The Group: New York State Democratic Committee
The Ad: The New York State Democratic Party has released a new TV ad on behalf of Hillary Clinton linking Rep. Rick Lazio to former House Speaker Newt Gingrich. The 30-second ad titled Stand shows grainy footage of Lazio and Gingrich together, and features interviews with men and women on the street expressing shock and disappointment to hear that Lazio supported Gingrich's measures. The ad is running statewide in New York.
Audio: Announcer: "Excuse me, did you know that for four years, Rick Lazio was deputy whip to Newt Gingrich in Congress?"
Woman on Street: "No I didn't know that."
Man on Street: "This does surprise me."
Announcer: "And that he helped write and pass the Gingrich budget, with two hundred and seventy billion in Medicare cuts?"
Man on Street: "I find that rather disappointing, yes."
Woman on Street: "I thought he was more pro-healthcare"
Announcer: "And that Lazio followed Gingrich's lead and voted for the largest education cuts in history?"
Woman on Street: "Oh my goodness, I didn't know that."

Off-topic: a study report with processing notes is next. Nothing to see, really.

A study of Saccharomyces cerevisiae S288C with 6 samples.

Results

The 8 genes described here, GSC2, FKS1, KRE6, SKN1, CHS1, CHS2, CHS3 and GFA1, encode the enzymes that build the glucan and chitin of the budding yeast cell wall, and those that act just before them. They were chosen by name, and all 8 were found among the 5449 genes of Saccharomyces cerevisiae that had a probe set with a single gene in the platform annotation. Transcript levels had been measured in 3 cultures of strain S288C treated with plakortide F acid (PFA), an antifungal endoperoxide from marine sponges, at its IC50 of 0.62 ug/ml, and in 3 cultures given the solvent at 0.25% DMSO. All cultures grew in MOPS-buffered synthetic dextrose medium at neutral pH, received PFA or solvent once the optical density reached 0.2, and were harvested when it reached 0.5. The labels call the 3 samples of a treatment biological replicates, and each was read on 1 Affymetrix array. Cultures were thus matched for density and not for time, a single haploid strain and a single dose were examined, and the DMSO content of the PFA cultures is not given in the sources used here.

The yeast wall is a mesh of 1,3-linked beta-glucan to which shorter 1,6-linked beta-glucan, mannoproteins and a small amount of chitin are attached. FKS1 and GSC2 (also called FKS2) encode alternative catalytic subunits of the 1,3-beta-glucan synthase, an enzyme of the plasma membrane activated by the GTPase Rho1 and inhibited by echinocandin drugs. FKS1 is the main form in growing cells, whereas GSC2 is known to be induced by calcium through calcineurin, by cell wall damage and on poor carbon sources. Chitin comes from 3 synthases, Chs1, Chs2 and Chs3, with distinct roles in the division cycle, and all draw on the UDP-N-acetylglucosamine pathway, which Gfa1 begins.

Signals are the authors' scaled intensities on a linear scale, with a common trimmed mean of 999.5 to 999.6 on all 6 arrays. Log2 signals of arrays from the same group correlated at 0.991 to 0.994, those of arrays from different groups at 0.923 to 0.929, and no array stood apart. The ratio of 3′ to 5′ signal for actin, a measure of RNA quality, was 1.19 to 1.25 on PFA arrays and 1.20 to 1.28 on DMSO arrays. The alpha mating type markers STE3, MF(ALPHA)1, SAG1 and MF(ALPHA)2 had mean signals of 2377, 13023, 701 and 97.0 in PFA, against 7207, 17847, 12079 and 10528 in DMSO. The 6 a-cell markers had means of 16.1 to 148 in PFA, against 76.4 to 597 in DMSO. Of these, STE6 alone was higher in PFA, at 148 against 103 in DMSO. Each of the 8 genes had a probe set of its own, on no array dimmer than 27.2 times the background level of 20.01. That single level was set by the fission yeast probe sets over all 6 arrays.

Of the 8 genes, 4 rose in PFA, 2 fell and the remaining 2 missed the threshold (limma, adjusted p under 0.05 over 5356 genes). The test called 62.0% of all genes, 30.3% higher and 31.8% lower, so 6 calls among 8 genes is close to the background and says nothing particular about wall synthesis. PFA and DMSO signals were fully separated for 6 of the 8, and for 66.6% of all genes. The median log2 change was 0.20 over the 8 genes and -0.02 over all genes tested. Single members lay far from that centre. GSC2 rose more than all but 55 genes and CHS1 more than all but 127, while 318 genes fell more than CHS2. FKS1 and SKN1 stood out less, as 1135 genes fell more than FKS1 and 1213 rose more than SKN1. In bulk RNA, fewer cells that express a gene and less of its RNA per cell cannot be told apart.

Woman on Street: "That's not good."
Announcer: "Tell Lazio to stop playing both sides."
Woman on Street: "Who knew?"
Visual: The ad features "man on the street" interviews conducted by an off-camera narrator. The ad opens with a woman being asked if she knew Lazio was deputy whip for Newt Gingrich. The woman is shocked and says she didn't know. The ad continues with the announcer making a series of statements about Lazio's record with text in conjunction, "For four years, Rick Lazio was a deputy to Newt Gingrich in Congress?", "Lazio helped write Gingrich budget with $270 billion in Medicare cuts," and "Lazio voted for the largest education cuts in history." Meanwhile, the camera goes from person to person, showing them surprised and disappointed as they hear about his record. The ad concludes with the text, "Call Lazio 202-225-3335."
Fact Check: Regarding Medicare, Lazio voted in 1995 to reduce the rate of growth in Medicare spending. Lazio's campaign contends that cutting the rate of growth is not actually a cut in the Medicare budget.
Strategy: Stand takes aim at Lazio's image as a moderate by trying to pin him to one of the more unpopular conservative figures in America: Newt Gingrich. This strategy is not new for Clinton, who has linked Lazio to Gingrich in several of her ads and campaign speeches. In fact, the ad's suggestion that Lazio is not what he apears echoes the tag line in Clinton's recent ads: "Rick Lazio the more you know, the more you wonder." The ad's use of ordinary people tries to suggest that average, rational voters are shocked to learn the facts about Lazio. Moreover, the ad implies that Lazio has tried to hide his conservative side as exemplified by the ending line, "Who knew?" The ad is paid for by soft money which the New York State Democratic Party can use to run "issue ads" as long as they do not explicitly advocate a specific candidate.